This evening, I watched The Persian Quarter put on by the Salt Lake Acting Company. It was pretty good.
I was not all that impresses with the first act -- an American guy and gal engaged in new boyfriend/girlfriend (Mike/Ann) conversation inside an American compound in Tehran in 1979. Ann, despite the fact she is living in Iran, could not handle being told how to live, dress and act by the virtue and vice police. Turns out Ann is a CIA informant posing as an English teacher. Mike was living in Iran for the experience; he understood the Persians.
It picked up in the next act when they became two of the 52 hostages taken by the "revolutionaries" during the Iranian Revolution. The dialog between Ann and her captor/guard, Shirin, is engaging. The two young females cannot relate to one another, one not understanding why she was held for 444 days and the other thinking that the revolution would result in a Persian utopia.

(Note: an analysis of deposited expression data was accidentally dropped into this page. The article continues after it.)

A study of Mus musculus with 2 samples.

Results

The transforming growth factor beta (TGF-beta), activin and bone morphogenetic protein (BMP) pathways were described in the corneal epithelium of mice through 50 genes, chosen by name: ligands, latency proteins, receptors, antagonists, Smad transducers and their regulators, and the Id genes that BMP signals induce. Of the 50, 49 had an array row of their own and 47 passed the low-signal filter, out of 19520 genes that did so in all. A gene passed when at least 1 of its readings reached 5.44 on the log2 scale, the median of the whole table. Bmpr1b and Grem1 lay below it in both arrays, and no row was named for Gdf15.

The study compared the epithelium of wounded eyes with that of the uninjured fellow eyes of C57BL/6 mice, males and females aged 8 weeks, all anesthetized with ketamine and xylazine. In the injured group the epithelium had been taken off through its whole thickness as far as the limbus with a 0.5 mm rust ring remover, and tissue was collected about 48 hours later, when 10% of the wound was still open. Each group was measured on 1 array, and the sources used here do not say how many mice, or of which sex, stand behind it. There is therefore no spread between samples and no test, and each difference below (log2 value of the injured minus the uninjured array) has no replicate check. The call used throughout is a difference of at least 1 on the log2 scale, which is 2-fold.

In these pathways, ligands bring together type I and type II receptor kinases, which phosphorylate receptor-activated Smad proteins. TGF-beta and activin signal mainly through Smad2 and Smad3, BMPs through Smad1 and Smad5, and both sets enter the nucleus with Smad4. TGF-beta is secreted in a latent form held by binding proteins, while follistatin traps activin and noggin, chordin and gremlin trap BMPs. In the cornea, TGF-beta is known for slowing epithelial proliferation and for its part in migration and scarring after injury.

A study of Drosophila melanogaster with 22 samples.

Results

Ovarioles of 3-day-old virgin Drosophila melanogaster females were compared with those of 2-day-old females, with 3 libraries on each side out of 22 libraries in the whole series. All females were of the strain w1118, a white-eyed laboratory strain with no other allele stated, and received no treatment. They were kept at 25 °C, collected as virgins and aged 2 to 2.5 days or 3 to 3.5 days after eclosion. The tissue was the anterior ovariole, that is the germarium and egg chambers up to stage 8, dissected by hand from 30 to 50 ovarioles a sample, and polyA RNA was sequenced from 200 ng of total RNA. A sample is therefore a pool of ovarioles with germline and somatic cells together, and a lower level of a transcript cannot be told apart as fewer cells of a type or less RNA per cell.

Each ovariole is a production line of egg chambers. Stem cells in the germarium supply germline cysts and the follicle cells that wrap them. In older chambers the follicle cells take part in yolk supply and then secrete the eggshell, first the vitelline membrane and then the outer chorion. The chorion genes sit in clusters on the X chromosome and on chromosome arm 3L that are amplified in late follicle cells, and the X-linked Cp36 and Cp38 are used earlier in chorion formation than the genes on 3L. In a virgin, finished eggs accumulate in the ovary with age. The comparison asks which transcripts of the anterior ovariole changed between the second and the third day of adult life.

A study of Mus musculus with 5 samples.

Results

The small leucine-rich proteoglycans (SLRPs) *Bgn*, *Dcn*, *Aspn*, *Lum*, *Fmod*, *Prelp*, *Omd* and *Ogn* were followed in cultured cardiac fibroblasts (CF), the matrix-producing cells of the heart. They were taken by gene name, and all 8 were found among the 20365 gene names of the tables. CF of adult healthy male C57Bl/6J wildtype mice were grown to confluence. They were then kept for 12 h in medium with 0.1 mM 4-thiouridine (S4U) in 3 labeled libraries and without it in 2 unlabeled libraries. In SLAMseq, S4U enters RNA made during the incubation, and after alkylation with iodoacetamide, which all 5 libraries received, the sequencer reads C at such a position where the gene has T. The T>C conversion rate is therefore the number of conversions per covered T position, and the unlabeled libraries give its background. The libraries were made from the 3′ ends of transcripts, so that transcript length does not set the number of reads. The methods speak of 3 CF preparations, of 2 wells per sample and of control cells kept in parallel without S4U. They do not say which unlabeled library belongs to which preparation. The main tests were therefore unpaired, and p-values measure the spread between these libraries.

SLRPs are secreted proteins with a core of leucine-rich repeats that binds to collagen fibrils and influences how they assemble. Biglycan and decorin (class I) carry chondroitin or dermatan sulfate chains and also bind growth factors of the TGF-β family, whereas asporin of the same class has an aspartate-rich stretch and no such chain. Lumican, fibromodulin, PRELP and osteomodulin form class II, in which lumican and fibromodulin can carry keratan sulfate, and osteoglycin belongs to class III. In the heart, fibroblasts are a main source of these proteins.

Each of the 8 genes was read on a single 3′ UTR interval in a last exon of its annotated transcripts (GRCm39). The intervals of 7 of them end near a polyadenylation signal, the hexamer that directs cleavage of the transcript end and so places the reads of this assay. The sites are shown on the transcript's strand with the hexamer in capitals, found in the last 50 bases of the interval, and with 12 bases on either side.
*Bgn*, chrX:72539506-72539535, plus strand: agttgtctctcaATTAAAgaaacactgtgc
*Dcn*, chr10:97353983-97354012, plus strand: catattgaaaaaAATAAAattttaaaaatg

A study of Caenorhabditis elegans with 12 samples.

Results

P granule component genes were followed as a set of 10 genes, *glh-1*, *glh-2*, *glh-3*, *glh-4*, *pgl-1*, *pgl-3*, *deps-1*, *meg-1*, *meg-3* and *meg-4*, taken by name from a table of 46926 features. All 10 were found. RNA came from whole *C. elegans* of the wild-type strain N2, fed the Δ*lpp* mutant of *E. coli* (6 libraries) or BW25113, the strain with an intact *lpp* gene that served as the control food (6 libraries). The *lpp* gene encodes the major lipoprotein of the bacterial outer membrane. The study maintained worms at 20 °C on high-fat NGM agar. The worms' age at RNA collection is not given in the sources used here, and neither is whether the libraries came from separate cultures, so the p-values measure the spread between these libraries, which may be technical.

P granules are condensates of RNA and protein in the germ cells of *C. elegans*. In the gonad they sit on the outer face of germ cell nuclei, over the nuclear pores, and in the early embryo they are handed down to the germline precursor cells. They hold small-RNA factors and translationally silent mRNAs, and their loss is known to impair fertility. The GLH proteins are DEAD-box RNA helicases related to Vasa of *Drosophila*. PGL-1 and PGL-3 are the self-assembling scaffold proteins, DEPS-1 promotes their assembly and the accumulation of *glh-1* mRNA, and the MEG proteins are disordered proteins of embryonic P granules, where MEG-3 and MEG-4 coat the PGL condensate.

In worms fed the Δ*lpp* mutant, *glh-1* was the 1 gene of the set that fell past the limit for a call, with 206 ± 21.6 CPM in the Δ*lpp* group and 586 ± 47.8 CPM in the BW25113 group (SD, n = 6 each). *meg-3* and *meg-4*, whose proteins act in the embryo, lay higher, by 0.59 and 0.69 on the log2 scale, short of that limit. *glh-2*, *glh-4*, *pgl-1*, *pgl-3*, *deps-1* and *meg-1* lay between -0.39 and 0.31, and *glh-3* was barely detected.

Fast forward to the present and the daughters of those two (Emily/Azadeh) meet accidentally in New York at Columbia University during Mahmoud Ahmadinejad's visit in 2009. The two modern girls cannot relate to one another, but seem to respect one another in the end.
Meshed throughout is Jalāl ad-Dīn Muḥammad Rūmī, the 13th century Iranian poet. Both Iranian mother and daughter see life through Rumi's poems.
The author, Kathleen Cahill, does a good job showing how two very different women and their daughters, thirty years apart, see the world so differently. But at the same time, realize there are many things in common.
Both actresses performed admirably. The arguments they had with one another were so engaging. Those issues between America and Iran are still there today. Americans and Iranians still do not relate to one another. America is so new; Persia is so old. The cultures are so different. Regardless, there are things we can learn from one another if given a chance.